In recent years Canadians have become more and more averse to rest. A recent global study conducted by Insurance company Aviva suggests that nearly a third of Canadians feel as though they don't get enough sleep to get them through the day.
The Canadian Men's Health Foundation found that 33 per cent of men aged 30 to 49 were only getting four to six hours of sleep per night. The Aviva study reports that nearly 60 per cent of women describe often feeling lethargic. PartcipAction's Report Card found that a third of Canadian children were sleep deprived.
These statistics can be attributed to several factors but many experts are now pointing to technology as the primary cause. Aviva's medical director Dr. Doug Wright argues that late night television viewing is one obvious activity interfering with sleep patterns.
Further to this point, medical experts have said that the blue-light from our mobile devices plays into our struggle to achieve rest at night.
Vancouver-based yoga teacher and wellness coach Zain Saraswati Jamal argues that sleep deprivation is more than just a problem of how many hours of sleep you get but rather how you get rest. She argues that our culture's obsession with productivity and consumerism has affected our overall well-being and that living this way has caused us to exist in a fight or flight state.
Jamal argues that sleep is one of the most therapeutic things we can do for our bodies and that there is no quick-fix replacement for it. We can survive for a short period of time on stimulants such as coffee, tea or sugar but avoiding healthy, natural sleep will alter our body's long term health.
But there is hope! Here are four simple tips that can help you get a better night's sleep as well as achieve the quality rest you need:
Establish a strong bedtime routine that will help you rev down your day.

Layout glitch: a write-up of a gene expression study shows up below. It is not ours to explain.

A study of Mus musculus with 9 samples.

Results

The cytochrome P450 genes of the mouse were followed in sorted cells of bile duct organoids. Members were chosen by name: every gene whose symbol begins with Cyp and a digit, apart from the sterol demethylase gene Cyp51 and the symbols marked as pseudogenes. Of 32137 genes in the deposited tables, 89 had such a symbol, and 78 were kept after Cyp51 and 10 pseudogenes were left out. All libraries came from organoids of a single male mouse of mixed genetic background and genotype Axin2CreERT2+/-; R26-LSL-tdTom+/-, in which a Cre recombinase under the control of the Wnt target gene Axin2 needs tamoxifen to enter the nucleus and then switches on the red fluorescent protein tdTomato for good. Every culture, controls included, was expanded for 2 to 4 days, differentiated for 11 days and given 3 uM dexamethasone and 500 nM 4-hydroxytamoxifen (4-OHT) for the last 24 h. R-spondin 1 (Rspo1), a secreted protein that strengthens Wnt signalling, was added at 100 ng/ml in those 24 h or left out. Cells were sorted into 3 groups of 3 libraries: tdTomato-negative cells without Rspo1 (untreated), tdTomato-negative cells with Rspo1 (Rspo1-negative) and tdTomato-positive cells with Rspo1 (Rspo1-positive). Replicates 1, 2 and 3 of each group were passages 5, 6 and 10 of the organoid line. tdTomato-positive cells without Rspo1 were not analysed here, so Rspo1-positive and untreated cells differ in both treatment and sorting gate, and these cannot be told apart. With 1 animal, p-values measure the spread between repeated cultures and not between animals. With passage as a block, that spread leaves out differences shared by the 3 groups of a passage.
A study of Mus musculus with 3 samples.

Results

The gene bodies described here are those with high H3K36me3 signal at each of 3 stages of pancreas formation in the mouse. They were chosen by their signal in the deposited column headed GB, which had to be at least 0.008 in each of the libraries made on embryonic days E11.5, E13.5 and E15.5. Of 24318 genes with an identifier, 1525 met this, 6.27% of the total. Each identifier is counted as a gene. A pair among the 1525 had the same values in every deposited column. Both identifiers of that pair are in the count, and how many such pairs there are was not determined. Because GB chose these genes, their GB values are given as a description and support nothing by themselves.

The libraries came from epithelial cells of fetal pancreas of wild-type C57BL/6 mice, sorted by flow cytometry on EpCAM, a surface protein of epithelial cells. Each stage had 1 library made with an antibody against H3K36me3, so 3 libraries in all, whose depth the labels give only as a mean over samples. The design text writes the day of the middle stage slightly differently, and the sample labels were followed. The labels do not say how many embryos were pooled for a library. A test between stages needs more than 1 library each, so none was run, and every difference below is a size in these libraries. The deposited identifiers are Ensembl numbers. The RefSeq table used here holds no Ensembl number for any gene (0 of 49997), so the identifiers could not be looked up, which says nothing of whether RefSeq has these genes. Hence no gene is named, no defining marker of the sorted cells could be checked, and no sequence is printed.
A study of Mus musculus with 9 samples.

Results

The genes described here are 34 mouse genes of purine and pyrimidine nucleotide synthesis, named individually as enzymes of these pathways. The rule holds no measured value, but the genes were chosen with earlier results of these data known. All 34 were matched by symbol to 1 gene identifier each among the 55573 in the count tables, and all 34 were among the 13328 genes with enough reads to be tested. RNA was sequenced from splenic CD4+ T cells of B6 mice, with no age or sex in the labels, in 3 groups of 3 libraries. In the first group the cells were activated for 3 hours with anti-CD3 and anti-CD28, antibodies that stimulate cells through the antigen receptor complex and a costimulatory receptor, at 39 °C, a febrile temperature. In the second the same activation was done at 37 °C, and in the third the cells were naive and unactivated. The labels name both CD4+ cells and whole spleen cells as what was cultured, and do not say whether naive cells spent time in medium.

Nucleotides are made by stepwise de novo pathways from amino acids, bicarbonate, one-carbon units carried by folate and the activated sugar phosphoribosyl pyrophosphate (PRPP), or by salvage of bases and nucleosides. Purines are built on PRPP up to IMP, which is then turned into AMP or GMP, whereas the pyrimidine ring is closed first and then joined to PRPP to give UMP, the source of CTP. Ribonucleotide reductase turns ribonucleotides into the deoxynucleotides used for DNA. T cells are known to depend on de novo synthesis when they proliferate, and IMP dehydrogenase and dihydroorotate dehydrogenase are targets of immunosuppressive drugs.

It is critical that people go to bed at a regular time and relax beforehand, perhaps having a bath, reading and avoiding devices. Allow your routine to centre around your natural cycle rather than forcing yourself to be a morning person or night owl.
Attuning your body to the natural rhythms of sunrise and sunset can do wonders for regulating your sleep cycle and your overall state of wellbeing.
Take the time to enjoy some silence.
It is important for busy people to turn off technology if they want quality rest. Practices such as meditation, spending time in nature, yoga, tai chi or other gentle movement practices can help create downtime.
Listen to your body
Don't force your body to do something it's doesn't want to do. If you're tired and you need to go to bed earlier than usual, that's ok. If you're not tired yet, that's ok too. If you need to take a nap in the daytime, that can be helpful too. Listening to your body's signals is key.
Take moments for yourself
Whether you love reading, hikes or yoga, it is necessary to create space for deep rest - a state of being that nourishes your mind-body-soul. Rest is not just about the hours we sleep, but how we balance our lives and renew ourselves.
Sleep and rest are not only interconnected but central to achieving a full life. How would our world change if we allowed for more time to slow down and rest.